Ever since the Central Bank of Nigeria announced its plan to reduce the amount of physical cash in circulation through its cashless policy, banks and the apex bank have engaged in a lot of publicity to make the public accept the new policy.

The new policy is to be experimented in Lagos, Port Harcourt, Abuja, Kano, Aba this year and will become operational in other parts of the country later.

The advantages of the new scheme, as enunciated by the CBN, include reduction in the amount of physical cash used in transactions; reduction in risk involved in moving large physical cash around, namely the high cases of robbery attacks, burglaries and the public’s propensity to abuse and mishandle currency notes are reduced to the barest minimum.

Apart from these, the scheme will also reduce the cost and frequent printing of new currency notes. It will reduce the banking cost of huge financial transactions involving physical cash.

The CBN also claimed that by adopting the policy, it will be able to meet genuine currency transaction demands and combat speculative market behaviours that may negatively affect economic growth and stabilisation measures.

The Lagos experiment dubbed Cashless Lagos is scheduled to take off in the state on 31 March.

The new policy aims to reduce usage of physical cash in financial transactions (both deposits and withdrawals).

When it becomes operational, a bank customer is allowed to withdraw a maximum of N150,000 only (individual accounts) and N1,000,000 (company accounts) daily without any charge. Any withdrawal above these amounts, according to the CBN, will attract penalty fees (N100 on every thousand (individual accounts) and N200 on every thousand (company accounts) above the threshold set by the CBN.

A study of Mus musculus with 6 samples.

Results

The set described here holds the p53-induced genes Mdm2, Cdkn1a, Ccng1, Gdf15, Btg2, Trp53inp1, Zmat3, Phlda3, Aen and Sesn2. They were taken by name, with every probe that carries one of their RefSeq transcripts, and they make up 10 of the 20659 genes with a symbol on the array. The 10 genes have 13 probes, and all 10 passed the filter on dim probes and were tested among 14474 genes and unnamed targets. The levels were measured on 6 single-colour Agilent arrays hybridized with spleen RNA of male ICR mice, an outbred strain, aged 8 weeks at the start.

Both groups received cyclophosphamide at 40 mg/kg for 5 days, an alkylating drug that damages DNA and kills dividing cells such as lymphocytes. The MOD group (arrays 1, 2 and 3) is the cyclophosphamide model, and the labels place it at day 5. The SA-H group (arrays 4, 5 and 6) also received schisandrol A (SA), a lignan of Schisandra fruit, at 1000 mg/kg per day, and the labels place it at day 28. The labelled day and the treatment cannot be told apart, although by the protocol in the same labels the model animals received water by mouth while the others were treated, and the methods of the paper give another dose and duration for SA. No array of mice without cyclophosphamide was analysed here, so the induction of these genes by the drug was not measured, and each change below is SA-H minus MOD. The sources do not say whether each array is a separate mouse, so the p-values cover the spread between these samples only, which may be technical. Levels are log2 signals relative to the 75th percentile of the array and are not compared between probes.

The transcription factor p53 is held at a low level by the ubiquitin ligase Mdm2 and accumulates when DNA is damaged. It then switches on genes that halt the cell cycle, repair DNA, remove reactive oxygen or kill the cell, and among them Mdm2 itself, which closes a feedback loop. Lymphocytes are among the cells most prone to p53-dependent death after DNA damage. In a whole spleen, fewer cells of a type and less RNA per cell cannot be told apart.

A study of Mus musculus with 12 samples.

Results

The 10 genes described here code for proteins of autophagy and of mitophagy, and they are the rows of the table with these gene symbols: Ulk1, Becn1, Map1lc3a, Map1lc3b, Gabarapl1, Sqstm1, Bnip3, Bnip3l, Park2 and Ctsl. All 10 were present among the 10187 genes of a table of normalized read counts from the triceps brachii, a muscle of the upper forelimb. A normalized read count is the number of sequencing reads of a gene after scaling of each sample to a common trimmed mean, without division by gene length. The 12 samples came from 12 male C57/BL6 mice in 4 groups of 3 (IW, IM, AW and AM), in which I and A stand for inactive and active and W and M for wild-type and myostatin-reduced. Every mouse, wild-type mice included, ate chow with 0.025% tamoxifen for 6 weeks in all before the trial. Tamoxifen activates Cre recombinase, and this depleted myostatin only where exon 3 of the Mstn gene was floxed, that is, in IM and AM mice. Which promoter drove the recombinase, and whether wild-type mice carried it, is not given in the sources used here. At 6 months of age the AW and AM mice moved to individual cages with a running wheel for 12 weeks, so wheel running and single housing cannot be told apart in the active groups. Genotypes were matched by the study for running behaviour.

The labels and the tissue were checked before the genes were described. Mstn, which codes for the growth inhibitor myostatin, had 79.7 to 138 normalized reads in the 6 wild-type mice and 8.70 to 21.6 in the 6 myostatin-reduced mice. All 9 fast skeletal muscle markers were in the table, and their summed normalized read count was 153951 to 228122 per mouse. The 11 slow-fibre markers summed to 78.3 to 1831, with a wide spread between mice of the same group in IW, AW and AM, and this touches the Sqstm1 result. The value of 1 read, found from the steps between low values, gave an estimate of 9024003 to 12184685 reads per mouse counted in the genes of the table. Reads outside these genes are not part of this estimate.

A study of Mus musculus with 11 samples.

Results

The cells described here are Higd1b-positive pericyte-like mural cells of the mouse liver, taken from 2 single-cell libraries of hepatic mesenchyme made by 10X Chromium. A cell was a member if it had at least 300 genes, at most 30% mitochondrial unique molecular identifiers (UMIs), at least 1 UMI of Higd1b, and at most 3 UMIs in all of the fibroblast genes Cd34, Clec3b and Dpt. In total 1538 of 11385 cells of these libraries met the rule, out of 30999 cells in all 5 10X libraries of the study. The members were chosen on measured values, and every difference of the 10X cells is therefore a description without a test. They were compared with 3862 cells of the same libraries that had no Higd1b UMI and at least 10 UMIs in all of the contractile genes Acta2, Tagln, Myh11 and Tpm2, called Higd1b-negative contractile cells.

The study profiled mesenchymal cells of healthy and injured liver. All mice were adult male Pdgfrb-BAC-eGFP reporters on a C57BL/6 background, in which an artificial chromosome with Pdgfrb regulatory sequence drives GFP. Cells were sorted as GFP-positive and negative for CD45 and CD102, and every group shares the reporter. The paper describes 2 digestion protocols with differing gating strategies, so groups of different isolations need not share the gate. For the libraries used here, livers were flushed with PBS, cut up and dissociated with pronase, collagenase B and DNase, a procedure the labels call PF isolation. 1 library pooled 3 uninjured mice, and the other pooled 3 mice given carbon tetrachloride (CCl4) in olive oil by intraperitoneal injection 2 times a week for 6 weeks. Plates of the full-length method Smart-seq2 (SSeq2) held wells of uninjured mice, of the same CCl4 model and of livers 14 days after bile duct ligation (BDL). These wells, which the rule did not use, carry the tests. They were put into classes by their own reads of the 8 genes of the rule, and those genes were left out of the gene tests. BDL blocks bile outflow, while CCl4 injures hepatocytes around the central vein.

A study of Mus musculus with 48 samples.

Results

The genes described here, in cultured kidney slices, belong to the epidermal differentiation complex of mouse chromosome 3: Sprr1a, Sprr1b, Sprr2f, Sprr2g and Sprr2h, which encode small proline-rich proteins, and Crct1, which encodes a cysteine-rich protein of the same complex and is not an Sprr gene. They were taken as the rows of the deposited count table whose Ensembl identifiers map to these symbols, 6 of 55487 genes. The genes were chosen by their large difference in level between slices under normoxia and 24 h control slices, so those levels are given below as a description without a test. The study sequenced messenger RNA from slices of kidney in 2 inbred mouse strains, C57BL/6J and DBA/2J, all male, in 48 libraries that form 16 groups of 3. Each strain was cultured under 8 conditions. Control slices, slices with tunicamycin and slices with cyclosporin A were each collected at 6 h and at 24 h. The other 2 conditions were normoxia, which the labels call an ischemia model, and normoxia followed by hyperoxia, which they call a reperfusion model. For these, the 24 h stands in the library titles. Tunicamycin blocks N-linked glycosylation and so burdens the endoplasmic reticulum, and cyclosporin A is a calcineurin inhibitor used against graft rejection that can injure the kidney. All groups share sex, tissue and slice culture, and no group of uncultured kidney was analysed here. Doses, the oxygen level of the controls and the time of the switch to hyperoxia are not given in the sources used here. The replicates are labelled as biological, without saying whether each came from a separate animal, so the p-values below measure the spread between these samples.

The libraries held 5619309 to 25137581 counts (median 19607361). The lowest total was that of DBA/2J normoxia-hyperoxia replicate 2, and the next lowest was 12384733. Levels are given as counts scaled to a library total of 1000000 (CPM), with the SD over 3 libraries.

As much as we support the idea of a cashless society as obtained in other advanced societies all over the world, it is our contention that the time limit set to experiment the new scheme in the cities chosen for its implementation is too short.

Moreover, the publicity being employed to herald the scheme is inadequate and has not permeated the grassroots. The full pages of advertisements in newspapers daily are not enough. These serve to enlighten a certain segment of the public, not the entire populace. As at now, the CBN will be surprised to find out that not many people understand what the new scheme is all about and many at the grassroots have also not heard about it.

An important policy like the cashless or electronic banking that affects millions of bank customers ought to be given mass publicity and a long time for assimilation by the people to make it successful.

This is why we are calling on the CBN to rethink the deadline fixed for the implementation of the scheme. There should be an extension of time to enlighten members of the public on the policy.

The CBN should embark on massive publicity, using indigenous languages in the broadcast media to educate the people at the grassroots on the policy.

We expect that by now, less than a month to the implementation of the policy, the textile and provisions dealers at Idumota, Oke-Arin, Mushin, Oshodi, Agege who move large amount of naira around would have been convinced about the need to embrace cashless transactions.

These people and others at the grassroots should also be carried along in the implementation of a cashless society.